In the wake of the Christchurch tragedy, the Socialist Alternative (SAlt) have been criticised for their potentially insensitive advertising. Posters advertising an event on the ‘rise of fascism,’ with ‘Christchurch’ in block letters were plastered outside ANU Counselling only days after the tragedy, which saw 51 people killed.

Student James Eveille was concerned by the position of these posters. He was with friends at ANU hangout Coffee Grounds when he saw the posters affixed to the entry sign for ANU Counselling. “We saw they were about the Christchurch attack and thought that was quite improper in a place where students may be receiving grief counselling,” said Eveille.

“I obviously messaged Socialist Alternative immediately and have received no response to date,” he noted. Like James, Woroni also reached out to SAlt for comment and received no response.

The posters were removed shortly after James notified ANU Counselling. ANU Facilities, responding to Woroni for comment, said the removal of SAlt’s posters from ANU Counselling was not political.

“The ‘rules’ around putting posters up on campus, are that they need to be posted to the allocated poster boards around campus – i.e. they cannot be posted to building signage, wayfinding signage and the like.”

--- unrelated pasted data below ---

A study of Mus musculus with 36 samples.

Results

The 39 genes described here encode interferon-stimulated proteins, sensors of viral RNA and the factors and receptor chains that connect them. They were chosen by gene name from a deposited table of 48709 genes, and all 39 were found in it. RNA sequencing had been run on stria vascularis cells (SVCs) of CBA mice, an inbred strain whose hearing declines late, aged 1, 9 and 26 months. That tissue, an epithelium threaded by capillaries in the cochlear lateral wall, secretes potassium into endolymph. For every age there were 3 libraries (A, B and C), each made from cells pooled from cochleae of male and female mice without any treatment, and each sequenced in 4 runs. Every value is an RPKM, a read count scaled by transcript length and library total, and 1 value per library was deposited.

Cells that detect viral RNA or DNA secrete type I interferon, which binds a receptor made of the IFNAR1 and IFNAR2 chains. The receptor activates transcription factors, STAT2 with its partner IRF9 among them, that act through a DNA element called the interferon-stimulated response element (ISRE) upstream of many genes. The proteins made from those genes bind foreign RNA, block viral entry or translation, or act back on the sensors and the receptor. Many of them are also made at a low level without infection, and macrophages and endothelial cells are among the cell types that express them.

Similar posters were also put up inside safe spaces such as the Women’s Department’s Rapunzel Room. However they were removed from the autonomous space for other reasons: while the Women’s Department does advocacy work for women and non binary students, it is non-partisan.

“The Rapunzel Room is a wonderful, inclusive space for our members where they can relax and wind down,” said Women’s officer Priyanka Tomar. “As per our goal of representing, advocating and supporting all women and non-binary students on our campus, we remain non-partisan with no direct affiliation.”

“This is why it has been so disappointing to hear that some individuals have been utilising the space inappropriately to advertise their political organisations,” she added.

Tomar, acknowledging the importance of political inter- action between students, suggests that there are “more suitable opportunities to advertise” events to their membership. She outlined that autonomous Facebook groups and collective meetings might be more suitable as they “don’t breach [their] members’ sense of safety and comfort”. Such avenues are always available for contributions and campaigning.